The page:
EXONERATIONS: Part X – Discipline of Law Enforcement for Misconduct Nearly Nonexistent


By Kelsea Valerio

Research by Samuel R. Gross, Maurice J. Possley, Kaitlyn J. Roll, and Klara H. Stephens, showed that out of the 1,295 cases in which officials were found to have engaged in misconduct that lead to a wrongful conviction of an innocent individual, only 17 percent faced some form of discipline.

It was often found that when discipline for misconduct occurred, it was not in relation to any one case, but resulted after a pattern of misconduct was revealed to have spanned over the course of several cases, sometimes ranging over years.

This was found to be true for 70 percent of exoneration cases where discipline for misconduct was in place.

For instance, Chicago Police Commander John Burge was fired following several instances of misconduct and was convicted of perjury in 2011 in relation to his role as the leading officer in a group who tortured suspects.

Prosecutors were the least likely to face discipline for misconduct – it only accounted for four percent of exonerations where misconduct by an official was found.

Police officers were almost five times as likely as prosecutors to face disciplinary action, accounting for 19 percent; Forensic analysts were the most likely at 47 percent.

The rate of discipline, said researchers, was found to be the highest in exonerations related to drug crimes at 74 percent. This was far greater than the 17 percent related to sexual assault. Murder and robbery both stood at nine percent each. And lastly, the rate of discipline for white collar crime and child sex abuse exonerations was at three percent each.

Gross et. al. categorizes discipline for misconduct in exonerations into three distinct categories: employment, professional, and the harshest, criminal.

Disciplinary action related to employment refers to when the agency that employs the individuals demands resignation.  Professional discipline involves the revocation of a license or certification.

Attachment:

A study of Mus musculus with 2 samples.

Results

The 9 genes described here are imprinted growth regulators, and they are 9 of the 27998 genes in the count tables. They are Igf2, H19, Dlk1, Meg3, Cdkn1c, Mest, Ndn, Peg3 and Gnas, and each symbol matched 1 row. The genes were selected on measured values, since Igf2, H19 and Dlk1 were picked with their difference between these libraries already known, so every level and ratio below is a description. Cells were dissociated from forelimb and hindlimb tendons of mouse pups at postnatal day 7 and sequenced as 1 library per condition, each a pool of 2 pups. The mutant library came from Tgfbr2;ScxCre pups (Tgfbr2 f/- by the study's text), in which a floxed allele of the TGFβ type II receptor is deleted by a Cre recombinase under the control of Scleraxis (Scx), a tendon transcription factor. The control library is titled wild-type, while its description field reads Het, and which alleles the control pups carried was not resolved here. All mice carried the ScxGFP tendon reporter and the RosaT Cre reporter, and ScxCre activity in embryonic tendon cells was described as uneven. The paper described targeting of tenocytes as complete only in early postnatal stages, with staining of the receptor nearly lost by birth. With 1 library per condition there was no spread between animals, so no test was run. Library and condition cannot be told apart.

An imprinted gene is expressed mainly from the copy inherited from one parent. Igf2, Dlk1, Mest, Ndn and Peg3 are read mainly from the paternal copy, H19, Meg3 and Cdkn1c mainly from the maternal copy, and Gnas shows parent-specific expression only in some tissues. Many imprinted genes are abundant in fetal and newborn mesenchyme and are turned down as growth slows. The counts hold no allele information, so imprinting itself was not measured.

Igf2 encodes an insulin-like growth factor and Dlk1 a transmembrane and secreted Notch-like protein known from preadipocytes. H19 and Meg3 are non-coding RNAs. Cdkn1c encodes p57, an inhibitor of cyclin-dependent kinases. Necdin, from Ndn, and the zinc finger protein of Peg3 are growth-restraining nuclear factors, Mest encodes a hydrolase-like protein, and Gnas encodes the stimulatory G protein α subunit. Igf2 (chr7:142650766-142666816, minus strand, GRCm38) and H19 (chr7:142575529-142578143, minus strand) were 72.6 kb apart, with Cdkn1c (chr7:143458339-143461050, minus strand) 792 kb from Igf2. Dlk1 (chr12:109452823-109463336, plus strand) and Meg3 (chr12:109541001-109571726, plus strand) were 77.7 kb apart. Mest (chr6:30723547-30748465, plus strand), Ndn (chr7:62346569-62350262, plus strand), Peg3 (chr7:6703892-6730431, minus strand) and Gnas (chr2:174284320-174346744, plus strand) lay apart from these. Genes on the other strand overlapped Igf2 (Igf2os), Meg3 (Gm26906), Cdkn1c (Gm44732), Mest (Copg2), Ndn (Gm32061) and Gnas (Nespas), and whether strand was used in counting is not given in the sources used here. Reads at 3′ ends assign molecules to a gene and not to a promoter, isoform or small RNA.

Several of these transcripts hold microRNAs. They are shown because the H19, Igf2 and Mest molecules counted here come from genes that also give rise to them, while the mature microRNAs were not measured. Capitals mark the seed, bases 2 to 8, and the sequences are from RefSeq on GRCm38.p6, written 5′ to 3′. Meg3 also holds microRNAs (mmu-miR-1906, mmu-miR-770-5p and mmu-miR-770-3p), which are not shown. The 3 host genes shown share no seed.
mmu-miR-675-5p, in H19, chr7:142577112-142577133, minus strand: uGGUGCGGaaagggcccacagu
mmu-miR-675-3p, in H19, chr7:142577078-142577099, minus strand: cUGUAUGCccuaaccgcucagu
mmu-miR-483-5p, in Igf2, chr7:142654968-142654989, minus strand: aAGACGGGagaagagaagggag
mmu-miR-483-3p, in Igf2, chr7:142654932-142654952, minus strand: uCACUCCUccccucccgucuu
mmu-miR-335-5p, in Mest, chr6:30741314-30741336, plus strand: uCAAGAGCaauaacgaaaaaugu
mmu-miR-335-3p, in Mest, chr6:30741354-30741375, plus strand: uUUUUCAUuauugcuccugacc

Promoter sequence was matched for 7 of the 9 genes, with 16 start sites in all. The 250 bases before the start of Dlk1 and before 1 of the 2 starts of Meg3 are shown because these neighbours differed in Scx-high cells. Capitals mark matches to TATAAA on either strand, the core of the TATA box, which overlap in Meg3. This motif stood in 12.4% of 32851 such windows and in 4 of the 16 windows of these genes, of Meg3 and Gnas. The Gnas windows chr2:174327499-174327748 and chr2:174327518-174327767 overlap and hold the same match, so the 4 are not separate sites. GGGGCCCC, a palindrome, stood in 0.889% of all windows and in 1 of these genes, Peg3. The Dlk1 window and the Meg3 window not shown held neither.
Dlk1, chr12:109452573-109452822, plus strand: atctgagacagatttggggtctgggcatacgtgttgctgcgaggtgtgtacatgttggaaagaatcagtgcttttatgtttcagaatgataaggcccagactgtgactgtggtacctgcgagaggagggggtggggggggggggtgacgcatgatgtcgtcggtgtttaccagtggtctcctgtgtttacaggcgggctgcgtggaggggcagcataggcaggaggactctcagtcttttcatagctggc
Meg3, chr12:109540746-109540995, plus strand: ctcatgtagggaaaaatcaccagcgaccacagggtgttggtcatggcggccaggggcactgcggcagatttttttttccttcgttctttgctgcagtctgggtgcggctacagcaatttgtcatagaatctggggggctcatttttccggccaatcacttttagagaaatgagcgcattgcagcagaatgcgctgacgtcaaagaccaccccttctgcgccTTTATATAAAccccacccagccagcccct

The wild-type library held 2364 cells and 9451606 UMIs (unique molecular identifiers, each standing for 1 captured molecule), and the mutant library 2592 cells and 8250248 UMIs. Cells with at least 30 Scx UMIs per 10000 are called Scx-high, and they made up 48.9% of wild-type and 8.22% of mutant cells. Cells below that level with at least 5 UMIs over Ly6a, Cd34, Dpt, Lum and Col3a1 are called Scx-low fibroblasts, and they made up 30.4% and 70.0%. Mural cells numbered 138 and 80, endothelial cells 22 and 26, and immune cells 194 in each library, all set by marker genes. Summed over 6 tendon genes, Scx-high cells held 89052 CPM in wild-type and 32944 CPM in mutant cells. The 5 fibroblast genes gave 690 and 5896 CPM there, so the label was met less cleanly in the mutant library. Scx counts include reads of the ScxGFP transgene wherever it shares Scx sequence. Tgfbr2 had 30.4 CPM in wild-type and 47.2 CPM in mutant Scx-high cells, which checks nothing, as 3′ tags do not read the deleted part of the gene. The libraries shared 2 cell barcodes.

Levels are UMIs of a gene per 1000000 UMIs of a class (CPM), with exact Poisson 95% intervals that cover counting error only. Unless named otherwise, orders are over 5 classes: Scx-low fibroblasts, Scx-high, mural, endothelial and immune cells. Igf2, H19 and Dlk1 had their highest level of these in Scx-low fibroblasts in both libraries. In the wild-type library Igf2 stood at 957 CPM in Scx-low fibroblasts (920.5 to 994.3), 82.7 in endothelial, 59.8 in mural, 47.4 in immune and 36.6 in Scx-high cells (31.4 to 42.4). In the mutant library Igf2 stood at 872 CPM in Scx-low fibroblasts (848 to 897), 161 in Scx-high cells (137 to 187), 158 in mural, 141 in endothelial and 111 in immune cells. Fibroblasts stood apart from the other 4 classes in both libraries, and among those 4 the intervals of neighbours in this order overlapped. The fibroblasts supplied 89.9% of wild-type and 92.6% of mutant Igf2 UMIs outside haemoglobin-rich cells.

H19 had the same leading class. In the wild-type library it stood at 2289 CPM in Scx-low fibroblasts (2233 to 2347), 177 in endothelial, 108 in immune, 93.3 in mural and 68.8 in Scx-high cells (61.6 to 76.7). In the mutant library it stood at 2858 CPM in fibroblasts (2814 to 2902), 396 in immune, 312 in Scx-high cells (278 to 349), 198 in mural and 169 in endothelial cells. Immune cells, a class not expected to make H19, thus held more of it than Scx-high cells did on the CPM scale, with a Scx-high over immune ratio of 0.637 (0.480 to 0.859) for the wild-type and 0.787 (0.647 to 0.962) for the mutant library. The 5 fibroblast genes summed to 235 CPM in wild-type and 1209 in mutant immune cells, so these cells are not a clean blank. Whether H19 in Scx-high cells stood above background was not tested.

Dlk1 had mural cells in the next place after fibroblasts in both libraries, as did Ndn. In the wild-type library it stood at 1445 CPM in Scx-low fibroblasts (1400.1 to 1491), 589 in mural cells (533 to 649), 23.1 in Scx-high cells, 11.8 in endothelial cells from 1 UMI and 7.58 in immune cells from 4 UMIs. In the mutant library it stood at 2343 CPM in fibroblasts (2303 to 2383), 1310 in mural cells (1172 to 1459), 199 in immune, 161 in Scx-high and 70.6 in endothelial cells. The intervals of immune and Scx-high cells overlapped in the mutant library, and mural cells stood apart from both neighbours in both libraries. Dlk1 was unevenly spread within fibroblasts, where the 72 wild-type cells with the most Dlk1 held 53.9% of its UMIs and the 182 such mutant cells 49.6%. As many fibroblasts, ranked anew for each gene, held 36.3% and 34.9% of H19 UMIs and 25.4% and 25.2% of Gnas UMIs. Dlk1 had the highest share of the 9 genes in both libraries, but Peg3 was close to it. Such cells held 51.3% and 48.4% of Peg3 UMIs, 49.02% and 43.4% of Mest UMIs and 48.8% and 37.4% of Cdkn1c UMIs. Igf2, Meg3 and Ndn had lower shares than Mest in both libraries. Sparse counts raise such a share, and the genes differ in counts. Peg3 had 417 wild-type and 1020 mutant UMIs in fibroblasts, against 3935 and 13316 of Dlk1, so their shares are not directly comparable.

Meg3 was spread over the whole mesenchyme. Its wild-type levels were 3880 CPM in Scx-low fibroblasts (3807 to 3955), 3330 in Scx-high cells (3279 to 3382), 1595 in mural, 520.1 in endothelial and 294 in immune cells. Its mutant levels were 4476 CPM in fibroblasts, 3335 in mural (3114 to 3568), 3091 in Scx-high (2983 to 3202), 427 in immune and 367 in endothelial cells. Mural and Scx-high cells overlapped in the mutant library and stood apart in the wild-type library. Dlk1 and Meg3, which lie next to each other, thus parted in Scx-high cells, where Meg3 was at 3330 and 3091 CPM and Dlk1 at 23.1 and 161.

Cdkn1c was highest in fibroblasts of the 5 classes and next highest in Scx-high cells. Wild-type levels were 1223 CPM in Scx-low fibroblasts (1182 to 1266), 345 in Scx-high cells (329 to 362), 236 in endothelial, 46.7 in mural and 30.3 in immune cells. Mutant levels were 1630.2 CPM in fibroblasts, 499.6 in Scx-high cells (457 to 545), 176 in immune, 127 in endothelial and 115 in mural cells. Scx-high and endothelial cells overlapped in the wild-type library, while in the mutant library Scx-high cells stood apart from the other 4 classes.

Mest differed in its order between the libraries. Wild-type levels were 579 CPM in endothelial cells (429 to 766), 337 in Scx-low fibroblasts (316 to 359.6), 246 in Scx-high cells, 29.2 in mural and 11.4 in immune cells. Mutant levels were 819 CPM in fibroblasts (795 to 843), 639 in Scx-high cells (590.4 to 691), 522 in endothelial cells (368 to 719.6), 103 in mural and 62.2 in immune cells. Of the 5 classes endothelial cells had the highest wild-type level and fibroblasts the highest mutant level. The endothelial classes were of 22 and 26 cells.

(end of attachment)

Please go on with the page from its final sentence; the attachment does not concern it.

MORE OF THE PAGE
Finally, disciplinary action at the criminal level is when criminal charges are brought against the individual with the possibility of conviction.

While prosecutors were the least likely to face discipline, they were also the most likely to receive the most lenient form of punishment. In the cases where prosecutors were disciplined by their employers, two were fired, four resigned and five were demoted.  Fourteen faced professional  discipline as lawyers (three of which were disbarred), two were suspended, four were reprimanded and three were officially sanctioned by judges on the specific case they were involved in.

Only two prosecutors in the National Registry of Exonerations faced criminal charges. Former Texas DA Ken Anderson served four days in jail in 2013 for concealing evidence that would have vindicated Micheal Morton, who was wrongfully incarcerated for 24 years for murder.

A former North Carolina DA spent one day in jail in 2007 after concealing exculpatory evidence in multiple cases came to light. In the wake of the shameful actions of these two prosecutors,  their license to practice law was revoked and they were discharged from their official positions.

The number of police officers who faced discipline for misconduct is far smaller than the number of exonerations involved, said the research report.

For instance, Cook County Sergeant Watts and Officer Kallatt Mohammed faced federal convictions for intentionally planting drugs on innocent defendants who were later exonerated. As referenced before, Chicago Police Commander John Burge was also found guilty of perjury related to perjury regarding participation in multiple torture cases.

The conviction of these three law enforcement officers accounted for two thirds of all the cases of exonerations nationally. After these officers were found to have patterns of misconduct, their involvement in past cases was scrutinized and subsequent exonerations followed.

Gross et. al. also explained that many cases where an officer faced professional discipline are not public knowledge and thus, the data is incomplete.

In all cases where forensic analysts committed forensic fraud that led to an exoneration, the analyst faced some sort of discipline. Examples of such fraud included false drug analyst reports and lying about their credentials.

For all known cases where analysts were involved in misconduct, the rate of discipline was 47 percent.

Misconduct by prosecutors, police officers and forensic analysts stands out as an egregious crime, especially when coming from figures of authority. While instances of misconduct in these cases are difficult to detect, it is also very unlikely that discipline for such misconduct is imposed, if ever.